You’re not starting from scratch on virtually any issue, and instead you join dozens of important developments already in progress. What’s worse, most of them are controversial. Actually, it’s like jumping into a rushing river while crowds of people along both banks throw stones at you.
And FDA’s new commissioner, Dr. Robert Califf, started out somewhat controversial himself. He was nominated by President Obama in September, then after a long delay was confirmed by the Senate in late February. He had been FDA’s deputy commissioner for medical products and tobacco. The delay was due to the objections to his nomination from several senators, who complained, for example, about what they saw as his too-tight relationship with the drug industry (Califf used to run a clinical research center at Duke University, which, no surprise, got money from pharmaceutical companies), among other concerns. In a Senate hearing, Califf said his record makes clear by his actions that he wasn’t swayed to loosen standards.
Califf comes to the head of FDA with some experience in medical research and academia as well as in FDA itself. The question of what’s the best background for an FDA leader is deceptively complex. On the one hand, it’s clearly logical to have someone who knows a lot about the regulated industries the agency oversees, but it might be that many of those could see the world from the industry perspective, perhaps unduly. You could give the job to someone with an academic career, but they might lack management skills or knowledge of the agency.
Of course, if you find someone with career experience at FDA, or in other government public health bodies, there’s a risk that such a person with government-only experience might reflect all the worst tendencies we fear from bureaucracies, rather than a practical perspective.
And remember it’s one of FDA’s organizational curses that it regulates such a variety of product types: if you pick someone with experience in the drug or device field, they may bring little knowledge of cosmetics or foods. And FDA’s other curse is that it deals with so many controversial issues of direct public health interest that no matter what it does, someone will be complaining.
Thus, the new commissioner steps into the complex, ongoing implementation of food safety regulations growing out of the Food Safety Modernization Act, complete with a controversy over whether foreign suppliers of food packaging will need to verify their compliance with the law; into a continuing squabble over the best way for FDA to regulate substances considered Generally Recognized As Safe; into ongoing rules changes about food labeling; into an active program of drug and dietary supplement oversight, particularly imported ones; into the continuing battle to stay one step ahead of drug counterfeiters worldwide, and to continue to develop methods to help thwart abuse of prescription opioids and other drugs; into FDA’s still-developing, relatively new powers over tobacco products, which are themselves evolving; and into the endless challenge of staying up-to-speed with emerging technologies that present unique regulatory challenges, such as products that combine drugs and devices, and products that incorporate intentionally engineered nanoscale materials. Among other issues.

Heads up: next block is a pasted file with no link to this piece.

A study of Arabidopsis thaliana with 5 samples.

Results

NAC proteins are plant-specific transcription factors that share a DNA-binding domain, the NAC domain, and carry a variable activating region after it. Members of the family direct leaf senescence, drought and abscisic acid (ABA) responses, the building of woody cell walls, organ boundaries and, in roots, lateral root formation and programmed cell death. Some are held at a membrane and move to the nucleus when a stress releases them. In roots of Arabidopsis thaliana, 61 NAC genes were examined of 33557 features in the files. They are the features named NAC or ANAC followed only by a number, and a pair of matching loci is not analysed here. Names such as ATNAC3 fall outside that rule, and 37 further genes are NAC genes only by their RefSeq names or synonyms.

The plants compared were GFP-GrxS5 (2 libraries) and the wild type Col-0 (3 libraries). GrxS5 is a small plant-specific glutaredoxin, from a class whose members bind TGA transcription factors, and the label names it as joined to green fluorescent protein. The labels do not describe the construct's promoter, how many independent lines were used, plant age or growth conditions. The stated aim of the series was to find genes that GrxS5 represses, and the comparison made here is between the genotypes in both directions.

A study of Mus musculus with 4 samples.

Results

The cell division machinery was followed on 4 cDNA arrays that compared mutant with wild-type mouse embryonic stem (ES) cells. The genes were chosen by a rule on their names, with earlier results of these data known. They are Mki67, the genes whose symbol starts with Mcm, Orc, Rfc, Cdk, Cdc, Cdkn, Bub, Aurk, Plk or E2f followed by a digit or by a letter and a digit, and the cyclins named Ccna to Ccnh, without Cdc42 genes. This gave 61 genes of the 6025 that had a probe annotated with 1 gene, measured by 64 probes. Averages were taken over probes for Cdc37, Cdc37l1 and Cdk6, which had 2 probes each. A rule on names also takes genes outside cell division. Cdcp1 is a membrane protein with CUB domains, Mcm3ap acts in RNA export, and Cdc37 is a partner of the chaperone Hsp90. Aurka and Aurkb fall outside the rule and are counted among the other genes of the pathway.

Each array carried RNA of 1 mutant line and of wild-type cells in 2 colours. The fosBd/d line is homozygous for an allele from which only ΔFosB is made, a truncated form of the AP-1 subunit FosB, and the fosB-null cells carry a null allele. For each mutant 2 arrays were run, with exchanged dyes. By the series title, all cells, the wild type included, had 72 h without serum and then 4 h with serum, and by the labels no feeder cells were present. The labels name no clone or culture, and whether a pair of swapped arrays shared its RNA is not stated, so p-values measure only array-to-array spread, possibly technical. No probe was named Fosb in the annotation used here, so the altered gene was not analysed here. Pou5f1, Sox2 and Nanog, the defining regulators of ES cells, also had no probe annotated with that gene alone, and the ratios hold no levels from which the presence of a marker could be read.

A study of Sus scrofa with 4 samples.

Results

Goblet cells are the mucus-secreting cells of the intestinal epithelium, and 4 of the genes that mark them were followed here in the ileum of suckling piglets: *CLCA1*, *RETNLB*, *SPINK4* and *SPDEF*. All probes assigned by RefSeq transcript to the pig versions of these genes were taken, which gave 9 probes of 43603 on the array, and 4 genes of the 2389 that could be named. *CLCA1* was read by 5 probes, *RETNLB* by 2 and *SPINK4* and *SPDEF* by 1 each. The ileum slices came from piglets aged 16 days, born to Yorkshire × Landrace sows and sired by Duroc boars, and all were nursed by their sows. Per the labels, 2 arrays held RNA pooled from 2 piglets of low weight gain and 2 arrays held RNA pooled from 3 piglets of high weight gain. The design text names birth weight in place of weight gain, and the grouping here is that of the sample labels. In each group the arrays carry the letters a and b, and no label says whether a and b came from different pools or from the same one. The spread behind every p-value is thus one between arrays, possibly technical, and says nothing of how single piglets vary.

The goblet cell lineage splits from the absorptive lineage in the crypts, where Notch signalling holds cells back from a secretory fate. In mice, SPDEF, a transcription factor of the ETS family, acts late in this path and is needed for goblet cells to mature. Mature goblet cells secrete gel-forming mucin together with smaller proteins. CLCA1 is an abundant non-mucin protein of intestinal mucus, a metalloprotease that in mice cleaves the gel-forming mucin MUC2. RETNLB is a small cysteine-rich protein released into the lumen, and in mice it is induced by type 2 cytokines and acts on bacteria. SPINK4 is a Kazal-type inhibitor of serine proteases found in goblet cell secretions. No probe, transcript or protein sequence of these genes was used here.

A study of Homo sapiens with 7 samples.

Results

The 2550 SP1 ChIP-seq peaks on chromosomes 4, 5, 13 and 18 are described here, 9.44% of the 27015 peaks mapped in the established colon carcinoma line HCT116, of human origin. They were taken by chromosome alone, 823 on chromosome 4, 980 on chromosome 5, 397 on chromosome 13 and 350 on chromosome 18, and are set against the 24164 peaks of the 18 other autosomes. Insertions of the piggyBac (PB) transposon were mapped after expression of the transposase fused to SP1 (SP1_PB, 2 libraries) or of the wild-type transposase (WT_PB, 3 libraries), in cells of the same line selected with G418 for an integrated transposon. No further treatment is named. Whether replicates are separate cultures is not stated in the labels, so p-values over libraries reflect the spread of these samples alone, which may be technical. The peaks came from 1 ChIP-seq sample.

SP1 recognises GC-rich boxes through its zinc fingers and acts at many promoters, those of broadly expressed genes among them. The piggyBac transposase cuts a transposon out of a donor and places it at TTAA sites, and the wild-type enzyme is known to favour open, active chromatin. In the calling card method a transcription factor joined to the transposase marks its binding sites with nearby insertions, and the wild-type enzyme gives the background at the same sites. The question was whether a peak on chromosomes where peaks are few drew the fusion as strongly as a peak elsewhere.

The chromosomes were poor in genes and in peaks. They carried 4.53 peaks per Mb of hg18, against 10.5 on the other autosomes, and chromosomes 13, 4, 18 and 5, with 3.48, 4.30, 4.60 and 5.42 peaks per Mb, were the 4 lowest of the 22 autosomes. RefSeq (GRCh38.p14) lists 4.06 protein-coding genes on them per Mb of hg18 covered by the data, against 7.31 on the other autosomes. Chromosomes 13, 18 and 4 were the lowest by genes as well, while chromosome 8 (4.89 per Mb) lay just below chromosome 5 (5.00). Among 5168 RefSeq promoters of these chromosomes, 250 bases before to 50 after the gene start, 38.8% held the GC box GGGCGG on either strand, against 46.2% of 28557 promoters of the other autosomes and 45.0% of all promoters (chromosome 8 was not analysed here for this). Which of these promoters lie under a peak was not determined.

Califf said, “I look forward to further building the FDA’s excellent workforce, while relentlessly focusing on the completion of priority projects and continuing to develop the science base that we need to give consumers and patients even more confidence that their food is safe and their medical products are safe and effective.” His challenge is increased a bit on the food side, as the widely respected deputy commissioner for foods and veterinary medicine, Michael Taylor, announced his departure from the agency soon after Califf was confirmed.
Well then, should we expect a vibrant, active FDA to charge ahead on all fronts under the banner of its new commissioner? Only maybe, because it’s a presidential election year, and the conventional wisdom has it that little will be done until after the election, when either a new regime takes over or a new administration decides to move ahead with initiatives and philosophies that had previously been started.
Califf will have to choose how best to address each issue the agency faces. As with any regulatory agency, FDA must choose from among its arsenal of regulatory tools, including rulemaking, guidance documents, enforcement actions, or even mere publicity in order to implement its policies or instructions from Congress or the President.
There is at least one sign that FDA has been slowing its oversight recently. FDA’s total number of facility inspections, its primary tool for industry oversight and for initiating enforcement actions, went down to 13,468 in fiscal 2015, from 15,879 in fiscal 2014. There were reductions in both domestic and foreign inspections. Domestic inspections have been going down steadily since a high of 17,697 in fiscal 2011. It’s not clear what this reflects, though budget considerations are a common cause of such changes.
Speaking of budgets, when it requested its fiscal 2017 budget of $5.1 billion (an 8% increase), FDA said that would include increased money for food safety, medical products, the agency’s own infrastructure, and the administration’s new National Cancer Moonshot, announced by President Obama in his last State of the Union address.
That reminds me: Add annual budget worries to the new commissioner’s list of concerns.